Fraud impacting rental housing costs throughout the country is on the rise and includes incidences of fraudulent rental applications, financial and identity fraud, and is often fueled by social media, the National Multifamily Housing Council (NMHC) says in a new survey.
“Driven in part by social media platforms such as TikTok and Instagram, the rise in false rental housing applications is exacerbating rental costs, fueling the housing affordability challenges facing communities across the country and undermining the credibility of eviction data. These fraudulent incidents consist of a wide range of wrongdoing, including criminal behavior,” the NMHC says in a release about the survey.
The NMHC Pulse Survey on Operational Impact of Rental Application Fraud and Bad Debt was done from November 5, 2023 to January 9, 2024 of NMHC members and National Apartment Association members representing 75 leading apartment owners, developers and managers.
Fraud impacting rental housing costs highlights of the survey:
- 84.3% of respondents have seen applicants falsifying or fabricating pay stubs, employment references or other income documentation;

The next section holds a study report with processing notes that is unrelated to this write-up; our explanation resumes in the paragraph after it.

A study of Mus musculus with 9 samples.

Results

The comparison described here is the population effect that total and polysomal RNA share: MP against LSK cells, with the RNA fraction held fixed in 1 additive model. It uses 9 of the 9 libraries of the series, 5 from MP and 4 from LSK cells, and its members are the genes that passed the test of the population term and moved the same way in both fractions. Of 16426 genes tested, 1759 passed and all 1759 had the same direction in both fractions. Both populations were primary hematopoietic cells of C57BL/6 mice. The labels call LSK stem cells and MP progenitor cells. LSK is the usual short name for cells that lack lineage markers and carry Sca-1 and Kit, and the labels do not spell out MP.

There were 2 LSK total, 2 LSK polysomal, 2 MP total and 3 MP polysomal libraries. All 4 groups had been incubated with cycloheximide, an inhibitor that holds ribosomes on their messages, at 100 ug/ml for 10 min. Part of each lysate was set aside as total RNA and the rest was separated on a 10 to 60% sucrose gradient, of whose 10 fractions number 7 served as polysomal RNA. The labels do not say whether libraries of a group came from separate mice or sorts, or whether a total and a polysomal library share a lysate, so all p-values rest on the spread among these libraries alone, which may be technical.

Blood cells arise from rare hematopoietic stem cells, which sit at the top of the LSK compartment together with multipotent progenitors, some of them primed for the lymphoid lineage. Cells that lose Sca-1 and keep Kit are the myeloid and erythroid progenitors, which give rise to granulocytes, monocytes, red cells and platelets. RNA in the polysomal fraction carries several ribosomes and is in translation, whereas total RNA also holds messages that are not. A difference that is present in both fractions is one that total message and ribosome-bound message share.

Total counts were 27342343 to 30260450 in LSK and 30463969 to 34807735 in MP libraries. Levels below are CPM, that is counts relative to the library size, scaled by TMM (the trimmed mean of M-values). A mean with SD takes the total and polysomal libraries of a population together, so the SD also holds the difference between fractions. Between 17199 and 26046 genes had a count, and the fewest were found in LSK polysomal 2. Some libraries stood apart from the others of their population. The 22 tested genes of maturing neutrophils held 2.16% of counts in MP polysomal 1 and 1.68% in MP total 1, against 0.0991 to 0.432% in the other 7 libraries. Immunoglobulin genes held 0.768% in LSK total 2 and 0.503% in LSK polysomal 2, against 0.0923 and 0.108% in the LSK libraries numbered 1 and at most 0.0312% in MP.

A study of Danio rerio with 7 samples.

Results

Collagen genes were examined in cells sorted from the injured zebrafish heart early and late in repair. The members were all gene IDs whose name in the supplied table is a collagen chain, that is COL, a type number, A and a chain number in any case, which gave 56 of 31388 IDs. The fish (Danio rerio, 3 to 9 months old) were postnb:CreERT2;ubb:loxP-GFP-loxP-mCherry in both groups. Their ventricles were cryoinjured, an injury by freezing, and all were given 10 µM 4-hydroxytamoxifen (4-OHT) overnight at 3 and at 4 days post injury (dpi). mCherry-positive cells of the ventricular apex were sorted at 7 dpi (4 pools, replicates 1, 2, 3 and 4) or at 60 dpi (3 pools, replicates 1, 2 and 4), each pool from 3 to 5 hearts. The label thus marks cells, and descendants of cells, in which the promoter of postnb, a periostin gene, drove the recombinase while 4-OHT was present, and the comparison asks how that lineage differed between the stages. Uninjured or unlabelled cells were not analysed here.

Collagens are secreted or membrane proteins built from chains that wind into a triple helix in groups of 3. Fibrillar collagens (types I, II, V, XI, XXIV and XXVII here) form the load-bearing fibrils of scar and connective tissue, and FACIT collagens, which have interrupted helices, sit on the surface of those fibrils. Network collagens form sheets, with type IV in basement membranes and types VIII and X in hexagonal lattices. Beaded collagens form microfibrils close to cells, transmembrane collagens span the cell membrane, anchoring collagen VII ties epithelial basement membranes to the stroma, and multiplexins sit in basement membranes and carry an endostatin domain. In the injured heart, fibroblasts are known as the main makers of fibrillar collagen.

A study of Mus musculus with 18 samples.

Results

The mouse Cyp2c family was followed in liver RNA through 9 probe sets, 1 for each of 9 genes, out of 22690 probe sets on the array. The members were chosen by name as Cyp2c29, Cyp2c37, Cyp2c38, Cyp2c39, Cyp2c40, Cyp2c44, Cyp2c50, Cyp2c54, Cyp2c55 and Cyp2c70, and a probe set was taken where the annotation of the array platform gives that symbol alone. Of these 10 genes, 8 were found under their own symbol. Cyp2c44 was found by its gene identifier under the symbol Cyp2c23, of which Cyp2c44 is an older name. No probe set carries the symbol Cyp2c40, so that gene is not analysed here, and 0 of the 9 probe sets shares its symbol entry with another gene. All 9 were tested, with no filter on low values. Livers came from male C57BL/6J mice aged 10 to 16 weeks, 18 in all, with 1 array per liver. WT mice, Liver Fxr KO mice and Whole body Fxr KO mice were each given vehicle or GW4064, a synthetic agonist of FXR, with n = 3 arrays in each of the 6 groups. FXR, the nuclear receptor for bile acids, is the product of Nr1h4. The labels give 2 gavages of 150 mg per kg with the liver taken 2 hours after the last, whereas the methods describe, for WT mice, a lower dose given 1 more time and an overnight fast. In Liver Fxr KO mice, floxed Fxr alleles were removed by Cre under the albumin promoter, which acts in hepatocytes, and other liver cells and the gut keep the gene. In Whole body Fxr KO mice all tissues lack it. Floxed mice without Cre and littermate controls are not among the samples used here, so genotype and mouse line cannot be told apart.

- 80.0% observed prospective renters misrepresenting information on applications;
- 70.0% reported identity theft, fraudulent ID documents or use of another individual’s personal information;
- 67.1% experienced unauthorized cohabitants, illegal subletting or other actions to evade application or the leasing process; and
- 62.9% of respondents reported the use of fraudulent checks or other payment methods.
Sixty seven percent of those who experienced an increase in fraudulent applications and payments said that this varied by jurisdiction, and many (46.9%) called out Atlanta specifically as a jurisdiction where increases in fraud were most concentrated.
“There has been anecdotal evidence of the rise in fraudulent activity over recent years, but now we have clear evidence of the staggering impact of these crimes on the rental housing market,” said NMHC President Sharon Wilson Géno said in the release.
“While most renters are honest, those who are not are causing the cost of rental housing to increase for everyone. Additional delays in many jurisdictions in the lease enforcement process, even when there is clear fraud, incentivizes bad actors and means that this illegal behavior costs responsible renters even more. We call on lawmakers and courts to take action that will address this problem,” she said.